Cape Girardeau Police Chief Wes Blair
Southeast Missourian file
Cape Girardeau Police Chief Wes Blair said Monday he has “concerns” about what he terms “the unintended consequences” of a bill signed over the weekend by Gov. Mike Parson prohibiting enforcement of federal gun laws by local law enforcement officials.
Parson signed the “Second Amendment Preservation Act” on Saturday after both chambers of the General Assembly passed it easily in mid-May.
The Missouri Senate passed the legislation 22-10 on May 13, with Sen. Holly Rehder (R-27) voting “yes.”
The Missouri House gave the bill approval a day later, 111-42, with area representatives Jamie Burger, Rick Francis, Barry Hovis and Wayne Wallingford all voting in the affirmative.
“I’m still trying to seek full legal guidance to be certain, but we are being forbidden to cooperate with the federal government on gun charges,” said Blair, Cape Girardeau’s chief since 2013.
Blair said if his understanding of the new law is correct, “then I will have to pull my officers (now) on federal task forces, including ATF (Bureau of Alcohol, Tobacco, Firearms and Explosives),” adding, “I don’t know that we’ll have much choice, otherwise we’ll be violating state law.”
Greene County Sheriff Jim Arnott, whose office is responsible for the City of Springfield, indicated some ambivalence about the Act but is not opposed to the legislation’s intent.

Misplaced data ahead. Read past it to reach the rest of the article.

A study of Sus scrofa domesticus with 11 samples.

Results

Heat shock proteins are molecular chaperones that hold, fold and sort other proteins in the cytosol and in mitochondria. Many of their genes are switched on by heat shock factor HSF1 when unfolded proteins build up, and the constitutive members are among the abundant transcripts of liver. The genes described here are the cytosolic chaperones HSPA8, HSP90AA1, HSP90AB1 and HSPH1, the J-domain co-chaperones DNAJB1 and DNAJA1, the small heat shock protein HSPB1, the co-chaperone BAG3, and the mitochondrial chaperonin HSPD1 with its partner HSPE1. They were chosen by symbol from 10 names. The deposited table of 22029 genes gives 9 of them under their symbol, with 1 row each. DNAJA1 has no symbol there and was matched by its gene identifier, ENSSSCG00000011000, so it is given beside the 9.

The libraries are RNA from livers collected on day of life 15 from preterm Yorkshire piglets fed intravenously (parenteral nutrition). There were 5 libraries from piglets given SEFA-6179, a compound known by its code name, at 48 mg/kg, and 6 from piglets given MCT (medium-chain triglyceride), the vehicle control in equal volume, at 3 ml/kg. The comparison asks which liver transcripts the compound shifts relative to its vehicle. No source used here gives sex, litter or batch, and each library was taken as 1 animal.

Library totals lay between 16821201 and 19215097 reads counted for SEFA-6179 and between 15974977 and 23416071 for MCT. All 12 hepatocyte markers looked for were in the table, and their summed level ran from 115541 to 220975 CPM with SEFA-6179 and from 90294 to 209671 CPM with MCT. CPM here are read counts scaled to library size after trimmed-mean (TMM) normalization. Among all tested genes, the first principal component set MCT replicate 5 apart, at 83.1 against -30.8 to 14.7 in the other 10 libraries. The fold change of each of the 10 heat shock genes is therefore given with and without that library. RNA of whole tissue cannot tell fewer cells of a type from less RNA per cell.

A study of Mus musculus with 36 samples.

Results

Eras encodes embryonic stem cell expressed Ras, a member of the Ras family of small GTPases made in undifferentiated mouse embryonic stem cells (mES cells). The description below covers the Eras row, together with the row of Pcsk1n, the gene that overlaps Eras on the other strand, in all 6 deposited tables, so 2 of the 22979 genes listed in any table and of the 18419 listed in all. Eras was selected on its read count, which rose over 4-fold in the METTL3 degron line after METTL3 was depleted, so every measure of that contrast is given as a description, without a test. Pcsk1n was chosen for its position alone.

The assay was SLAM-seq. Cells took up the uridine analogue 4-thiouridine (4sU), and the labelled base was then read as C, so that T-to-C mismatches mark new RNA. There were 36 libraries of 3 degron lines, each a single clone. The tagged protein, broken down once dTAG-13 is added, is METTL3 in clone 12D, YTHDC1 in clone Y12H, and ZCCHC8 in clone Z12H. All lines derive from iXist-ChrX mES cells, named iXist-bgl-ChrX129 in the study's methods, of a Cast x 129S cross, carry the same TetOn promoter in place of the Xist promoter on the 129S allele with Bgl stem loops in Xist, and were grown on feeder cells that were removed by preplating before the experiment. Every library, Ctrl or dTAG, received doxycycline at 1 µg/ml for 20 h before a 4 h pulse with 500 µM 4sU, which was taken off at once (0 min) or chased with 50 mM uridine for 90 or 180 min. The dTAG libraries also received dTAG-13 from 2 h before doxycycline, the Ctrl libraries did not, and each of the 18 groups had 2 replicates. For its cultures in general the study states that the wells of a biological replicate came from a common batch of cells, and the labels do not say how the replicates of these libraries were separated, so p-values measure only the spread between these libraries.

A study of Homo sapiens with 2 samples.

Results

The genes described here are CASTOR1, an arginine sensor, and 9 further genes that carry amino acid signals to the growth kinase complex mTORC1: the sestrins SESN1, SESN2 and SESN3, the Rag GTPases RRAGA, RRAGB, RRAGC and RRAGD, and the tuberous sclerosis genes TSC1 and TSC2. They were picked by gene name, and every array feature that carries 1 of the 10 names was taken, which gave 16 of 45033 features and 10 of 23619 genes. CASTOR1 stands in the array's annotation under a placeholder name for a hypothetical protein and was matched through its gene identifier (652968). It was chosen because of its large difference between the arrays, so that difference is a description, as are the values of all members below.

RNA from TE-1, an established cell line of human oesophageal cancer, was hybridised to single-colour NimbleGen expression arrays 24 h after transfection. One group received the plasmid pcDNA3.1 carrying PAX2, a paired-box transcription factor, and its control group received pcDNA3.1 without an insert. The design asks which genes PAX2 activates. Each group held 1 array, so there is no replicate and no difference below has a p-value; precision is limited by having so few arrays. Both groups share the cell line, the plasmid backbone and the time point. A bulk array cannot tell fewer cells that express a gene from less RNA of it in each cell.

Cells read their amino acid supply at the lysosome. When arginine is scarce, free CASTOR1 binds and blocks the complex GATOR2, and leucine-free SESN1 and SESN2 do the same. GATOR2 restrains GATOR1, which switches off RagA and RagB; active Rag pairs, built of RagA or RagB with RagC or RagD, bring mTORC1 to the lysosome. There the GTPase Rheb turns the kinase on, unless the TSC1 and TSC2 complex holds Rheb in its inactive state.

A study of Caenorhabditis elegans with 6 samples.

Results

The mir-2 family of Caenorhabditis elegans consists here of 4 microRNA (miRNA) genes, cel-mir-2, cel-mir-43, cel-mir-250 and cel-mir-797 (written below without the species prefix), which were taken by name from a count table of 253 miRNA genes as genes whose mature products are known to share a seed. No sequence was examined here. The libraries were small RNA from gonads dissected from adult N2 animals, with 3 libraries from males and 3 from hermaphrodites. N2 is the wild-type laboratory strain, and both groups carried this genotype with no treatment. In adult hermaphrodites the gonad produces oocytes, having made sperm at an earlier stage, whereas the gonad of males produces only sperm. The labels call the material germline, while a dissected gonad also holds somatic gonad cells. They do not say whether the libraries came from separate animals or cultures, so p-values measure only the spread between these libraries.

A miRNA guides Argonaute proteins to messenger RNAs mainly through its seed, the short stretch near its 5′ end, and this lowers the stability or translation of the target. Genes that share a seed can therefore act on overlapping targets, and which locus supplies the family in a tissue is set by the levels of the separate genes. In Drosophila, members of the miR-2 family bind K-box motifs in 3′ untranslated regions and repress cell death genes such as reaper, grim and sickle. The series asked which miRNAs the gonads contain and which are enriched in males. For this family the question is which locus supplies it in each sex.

“I believe the goal is we don’t want a federal gun grab and I totally agree with the concept,” Arnott told reporters Saturday.
“I’m very supportive of protecting a citizen’s Second Amendment rights, always have been and always will be, because we don’t want to do ‘gun grabs,’ but one of the unintended consequences is (the law) hogties us when it comes to putting felons in federal prison for gun charges,” Blair said. “We’ve seen some pretty good successes with the violent gun crimes we’ve had here (in Cape Girardeau) by working with our federal partners.”
The measure carries a penalty for infringement.
Under the Act, Missouri law enforcement agencies with police who knowingly enforce any federal fireaams laws could be sued and fined up to $50,000 per violating officer.
Missouri lawmakers passed a similar bill eight years ago, which was vetoed by then-Gov. Jay Nixon. The General Assembly fell just shy of overriding Nixon’s veto.